What you need to know:
- The Pre-trial chamber dismisses three grounds cited in bid to withhold evidence on six suspects
The International Criminal Court has denied Prosecutor Luis Moreno-Ocampo a chance to appeal against a ruling compelling him to disclose all evidence to lawyers of The Hague Six.
The latest ruling by Pre-Trial Chamber Judge Ekaterina Trendafilova is a setback to Mr Moreno-Ocampo, who had wanted to withhold some of the evidence he would not use during the confirmation hearings, which will begin in September.
Judge Trendafilova dismissed the three grounds, which the prosecutor had cited in his application, among them the fear that he may not be ready to play his part at the time the confirming hearings start.
Mr Moreno-Ocampo had argued that it would take him 421 days to go through the evidence — both incriminating and exonerating — and disclose it to the defence.
He also argued that it will require him to divert personnel from his office from their daily duties to the preparation of the evidence.
“The Single Judge (Ms Trendafilova) is not persuaded why and how the full disclosure of exculpatory (exonerating) evidence in the prosecutor’s possession or control would ‘unfairly hamper’ his ability to prepare himself for the up coming confirmation of charges hearing,” she said in the ruling made on Monday.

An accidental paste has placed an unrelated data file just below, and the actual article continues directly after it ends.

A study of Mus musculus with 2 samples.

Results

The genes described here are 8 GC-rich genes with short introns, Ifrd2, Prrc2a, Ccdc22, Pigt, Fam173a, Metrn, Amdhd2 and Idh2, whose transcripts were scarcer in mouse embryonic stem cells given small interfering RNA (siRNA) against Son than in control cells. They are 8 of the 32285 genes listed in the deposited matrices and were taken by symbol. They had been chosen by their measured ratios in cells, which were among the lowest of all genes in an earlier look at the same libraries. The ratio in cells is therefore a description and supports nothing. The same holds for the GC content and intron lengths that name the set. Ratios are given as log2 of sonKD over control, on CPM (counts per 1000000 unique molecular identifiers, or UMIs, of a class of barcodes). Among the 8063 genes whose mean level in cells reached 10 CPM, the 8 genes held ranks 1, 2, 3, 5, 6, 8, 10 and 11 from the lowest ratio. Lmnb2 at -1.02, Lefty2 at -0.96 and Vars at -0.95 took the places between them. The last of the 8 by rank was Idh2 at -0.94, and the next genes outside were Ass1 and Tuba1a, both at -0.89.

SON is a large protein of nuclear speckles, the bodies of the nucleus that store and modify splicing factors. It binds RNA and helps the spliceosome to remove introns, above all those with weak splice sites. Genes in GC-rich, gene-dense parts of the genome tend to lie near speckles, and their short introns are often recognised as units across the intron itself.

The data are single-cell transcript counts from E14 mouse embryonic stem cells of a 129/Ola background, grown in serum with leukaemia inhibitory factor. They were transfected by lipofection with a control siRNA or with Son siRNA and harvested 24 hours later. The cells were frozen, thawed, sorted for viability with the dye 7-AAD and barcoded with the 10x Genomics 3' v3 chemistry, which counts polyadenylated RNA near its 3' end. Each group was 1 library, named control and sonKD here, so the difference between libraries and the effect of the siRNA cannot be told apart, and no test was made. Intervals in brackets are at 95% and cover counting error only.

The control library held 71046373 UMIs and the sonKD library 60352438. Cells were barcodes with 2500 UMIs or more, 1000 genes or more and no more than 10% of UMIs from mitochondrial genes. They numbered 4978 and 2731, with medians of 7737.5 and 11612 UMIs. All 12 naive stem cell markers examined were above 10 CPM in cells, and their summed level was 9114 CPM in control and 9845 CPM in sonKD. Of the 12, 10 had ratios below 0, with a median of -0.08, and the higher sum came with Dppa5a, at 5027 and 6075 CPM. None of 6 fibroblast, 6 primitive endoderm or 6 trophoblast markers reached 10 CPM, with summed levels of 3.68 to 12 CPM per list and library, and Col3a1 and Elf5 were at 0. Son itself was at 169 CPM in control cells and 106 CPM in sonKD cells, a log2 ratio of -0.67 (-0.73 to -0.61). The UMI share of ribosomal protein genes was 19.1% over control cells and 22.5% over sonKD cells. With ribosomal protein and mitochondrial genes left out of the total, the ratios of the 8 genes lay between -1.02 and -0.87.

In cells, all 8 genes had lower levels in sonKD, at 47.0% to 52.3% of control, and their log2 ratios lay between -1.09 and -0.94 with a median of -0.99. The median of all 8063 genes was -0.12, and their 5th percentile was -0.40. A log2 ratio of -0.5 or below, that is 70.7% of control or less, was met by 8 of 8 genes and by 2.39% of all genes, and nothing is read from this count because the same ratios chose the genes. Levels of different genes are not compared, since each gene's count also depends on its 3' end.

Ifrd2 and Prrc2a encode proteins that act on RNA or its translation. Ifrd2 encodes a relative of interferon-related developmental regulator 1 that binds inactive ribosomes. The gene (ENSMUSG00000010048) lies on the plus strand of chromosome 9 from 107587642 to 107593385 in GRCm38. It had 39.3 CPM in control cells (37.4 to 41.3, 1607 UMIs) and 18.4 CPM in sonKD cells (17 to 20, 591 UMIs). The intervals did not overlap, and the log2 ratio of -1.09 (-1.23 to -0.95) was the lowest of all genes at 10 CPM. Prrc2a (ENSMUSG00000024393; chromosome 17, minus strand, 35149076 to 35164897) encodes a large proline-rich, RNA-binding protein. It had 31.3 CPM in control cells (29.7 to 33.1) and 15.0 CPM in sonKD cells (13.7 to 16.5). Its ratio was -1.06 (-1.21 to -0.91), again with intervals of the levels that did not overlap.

Judge Trendafilova stated that the prosecutor has had enough time collecting the evidence during his investigations in Kenya. The judge asked him to organise his office to prepare the analysis on the evidence in time for the confirmation hearings.
“The Prosecutor has not convincingly put forward any argument why the disclosure of exculpatory evidence already in his possession or control may be considered an ‘onerous requirement’, warranting the drastic measure of postponing the confirmation of charges hearing,” the judge said.
Ms Trendafilova had ruled, on April 18, that both the prosecutor and the defence lawyers will disclose the evidence in their possession to each other before the confirmation hearings.
The prosecutor has named Deputy Prime Minister Uhuru Kenyatta, Public Service boss Francis Muthaura, Postmaster-General Hussein Ali, suspended ministers William Ruto and Henry Kosgey, and radio journalist Joshua arap Sang as suspected masterminds of the 2007/2008 post-election violence.